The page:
Cover: Drugsgerelateerde corruptie op Schiphol en in de Rotterdamse haven

Drugsgerelateerde corruptie op Schiphol en in de Rotterdamse haven

Een analyse van corruptiedreigingen, impact en beleidsinstrumenten op basis van de methodologie voor National Risk Assessment [Drug-related corruption at Schiphol Airport and the Port of Rotterdam: An analysis of corruption threats, impact and policy instruments based on the methodology for National Risk Assessment]

Published Mar 18, 2024

by Emma Zürcher, Mafalda Pardal, Iris Leussink, Stijn Hoorens

Download eBook for Free

Full Document


FormatFile SizeNotes
PDF file 3.2 MB

Use Adobe Acrobat Reader version 10 or higher for the best experience.



FormatFile SizeNotes
PDF file 0.6 MB

Use Adobe Acrobat Reader version 10 or higher for the best experience.



FormatFile SizeNotes
PDF file 0.6 MB

Use Adobe Acrobat Reader version 10 or higher for the best experience.

Note: This report is in Dutch. An English-language summary is available.

Due to high-quality physical, digital and knowledge infrastructure in the Netherlands, the Dutch main ports are important hubs in the global economy and function as gateways to the European market. However, their sophisticated facilities make these main ports attractive targets for organised crime groups looking to traffic illicit substances and goods such as drugs, thereby increasing corruption risks.

In 2022, the Research and Data Centre (Wetenschappelijk Onderzoek- en Datacentrum or WODC) commissioned RAND Europe, at the request of the Dutch Ministry of Justice and Security, to conduct a study on drug-related corruption threats at Schiphol Airport and the Port of Rotterdam. Schiphol Airport is one of Europe's largest airports while the Port of Rotterdam is Europe's largest container and bulk port. Awareness of the risk of corruption at these main ports has increased in recent years, particularly due to reports of such cases at these main ports.

The findings of this study provide insight into the characteristics of the main ports that can make them vulnerable to corruption, the greatest risks for the main ports, the potential impact of these risks, and the existing policy instruments to prevent and counter corruption, as well as potential risks that may become relevant in the future and policy instruments that could limit these future risks. In addition, the study aimed to assess whether the methodology of national risk assessment (NRA) can make a meaningful contribution to identifying possible corruption threats at the country's two largest main ports.

Key Findings

  • Although bribery is likely the predominant corrupting mechanism in the main ports, other modi operandi are likely to be at play as well, creating a sequential process that leads to corruption.
  • For both main ports, participants indicated that workplace culture can contribute to the threat of corruption as employees who witness criminal actions are pressured not to fulfil their reporting obligations through peer pressure, an informal code of silence and/or strong social controls.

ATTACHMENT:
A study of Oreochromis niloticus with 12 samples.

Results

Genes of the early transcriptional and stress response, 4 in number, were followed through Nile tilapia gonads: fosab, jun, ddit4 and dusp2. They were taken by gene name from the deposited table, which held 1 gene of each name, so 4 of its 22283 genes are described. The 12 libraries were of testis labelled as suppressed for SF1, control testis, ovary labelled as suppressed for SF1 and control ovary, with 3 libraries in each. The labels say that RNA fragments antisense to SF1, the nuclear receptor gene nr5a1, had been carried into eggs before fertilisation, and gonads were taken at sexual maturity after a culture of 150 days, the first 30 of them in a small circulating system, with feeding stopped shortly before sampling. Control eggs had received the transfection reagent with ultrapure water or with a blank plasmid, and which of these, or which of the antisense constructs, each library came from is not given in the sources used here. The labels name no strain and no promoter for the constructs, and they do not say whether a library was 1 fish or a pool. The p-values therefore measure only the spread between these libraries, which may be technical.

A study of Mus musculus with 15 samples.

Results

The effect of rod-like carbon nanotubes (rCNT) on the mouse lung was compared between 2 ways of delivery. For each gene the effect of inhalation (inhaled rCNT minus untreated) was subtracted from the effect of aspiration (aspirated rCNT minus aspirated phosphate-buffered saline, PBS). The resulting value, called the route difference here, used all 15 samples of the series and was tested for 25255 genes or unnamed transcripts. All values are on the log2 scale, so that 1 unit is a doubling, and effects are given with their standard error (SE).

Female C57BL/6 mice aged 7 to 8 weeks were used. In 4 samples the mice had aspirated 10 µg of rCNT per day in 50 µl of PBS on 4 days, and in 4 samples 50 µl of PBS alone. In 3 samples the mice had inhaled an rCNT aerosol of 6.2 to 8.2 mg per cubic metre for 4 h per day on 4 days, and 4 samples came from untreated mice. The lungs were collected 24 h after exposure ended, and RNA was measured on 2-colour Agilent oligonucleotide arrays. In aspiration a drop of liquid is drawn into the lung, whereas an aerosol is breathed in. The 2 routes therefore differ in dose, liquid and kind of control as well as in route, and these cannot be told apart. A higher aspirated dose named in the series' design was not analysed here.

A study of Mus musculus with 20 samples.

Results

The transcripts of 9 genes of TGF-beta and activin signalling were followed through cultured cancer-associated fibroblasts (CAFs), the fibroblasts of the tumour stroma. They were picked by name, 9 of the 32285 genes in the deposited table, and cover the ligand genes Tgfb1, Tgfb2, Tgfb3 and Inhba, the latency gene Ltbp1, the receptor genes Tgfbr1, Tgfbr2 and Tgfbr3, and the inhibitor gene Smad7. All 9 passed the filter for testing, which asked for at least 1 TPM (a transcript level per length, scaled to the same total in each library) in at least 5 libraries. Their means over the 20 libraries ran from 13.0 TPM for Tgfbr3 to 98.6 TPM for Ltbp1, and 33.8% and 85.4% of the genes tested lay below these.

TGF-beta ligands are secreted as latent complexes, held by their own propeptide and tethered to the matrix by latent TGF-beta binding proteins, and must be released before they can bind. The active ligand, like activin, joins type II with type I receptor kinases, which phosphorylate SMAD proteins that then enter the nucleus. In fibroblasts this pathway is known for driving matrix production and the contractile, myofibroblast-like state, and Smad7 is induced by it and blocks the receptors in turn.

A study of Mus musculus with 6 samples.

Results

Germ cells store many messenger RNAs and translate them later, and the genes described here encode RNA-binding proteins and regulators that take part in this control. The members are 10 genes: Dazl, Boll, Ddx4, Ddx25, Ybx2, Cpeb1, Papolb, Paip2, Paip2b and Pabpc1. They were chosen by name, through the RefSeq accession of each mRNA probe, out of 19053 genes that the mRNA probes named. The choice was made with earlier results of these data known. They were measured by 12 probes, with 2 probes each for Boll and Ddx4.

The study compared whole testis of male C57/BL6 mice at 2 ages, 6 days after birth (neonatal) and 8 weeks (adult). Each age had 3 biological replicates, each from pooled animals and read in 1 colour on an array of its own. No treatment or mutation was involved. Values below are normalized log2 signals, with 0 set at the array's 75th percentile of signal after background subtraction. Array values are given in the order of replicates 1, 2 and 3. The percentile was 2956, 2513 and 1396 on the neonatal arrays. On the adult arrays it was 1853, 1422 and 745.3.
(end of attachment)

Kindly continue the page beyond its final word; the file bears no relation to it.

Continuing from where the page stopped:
• The study found that while steps have been taken in recent years to improve the resilience of the main ports, some vulnerabilities remain, especially with regard to public actors and actors with key positions in the supply chain. It also confirmed findings from previous studies by underscoring the potential consequences of corruption of public officials, particularly in law enforcement.
  • Whilst there are some limitations to the method, the NRA methodology provides a structured approach to risk identification and analysis using expert judgement by offering effective triggers for experts to share their opinions constructively with the group.

Research conducted by

The research described in this report was prepared for Wetenschappelijk Onderzoek- en Documentatiecentrum [Prepared for the Dutch Research and Documentation Centre] (WODC) and conducted by RAND Europe.

This report is part of the RAND research report series. RAND reports present research findings and objective analysis that address the challenges facing the public and private sectors. All RAND reports undergo rigorous peer review to ensure high standards for research quality and objectivity.

This document and trademark(s) contained herein are protected by law. This representation of RAND intellectual property is provided for noncommercial use only. Unauthorized posting of this publication online is prohibited; linking directly to this product page is encouraged. Permission is required from RAND to reproduce, or reuse in another form, any of its research documents for commercial purposes. For information on reprint and reuse permissions, please visit

RAND is a nonprofit institution that helps improve policy and decisionmaking through research and analysis. RAND's publications do not necessarily reflect the opinions of its research clients and sponsors.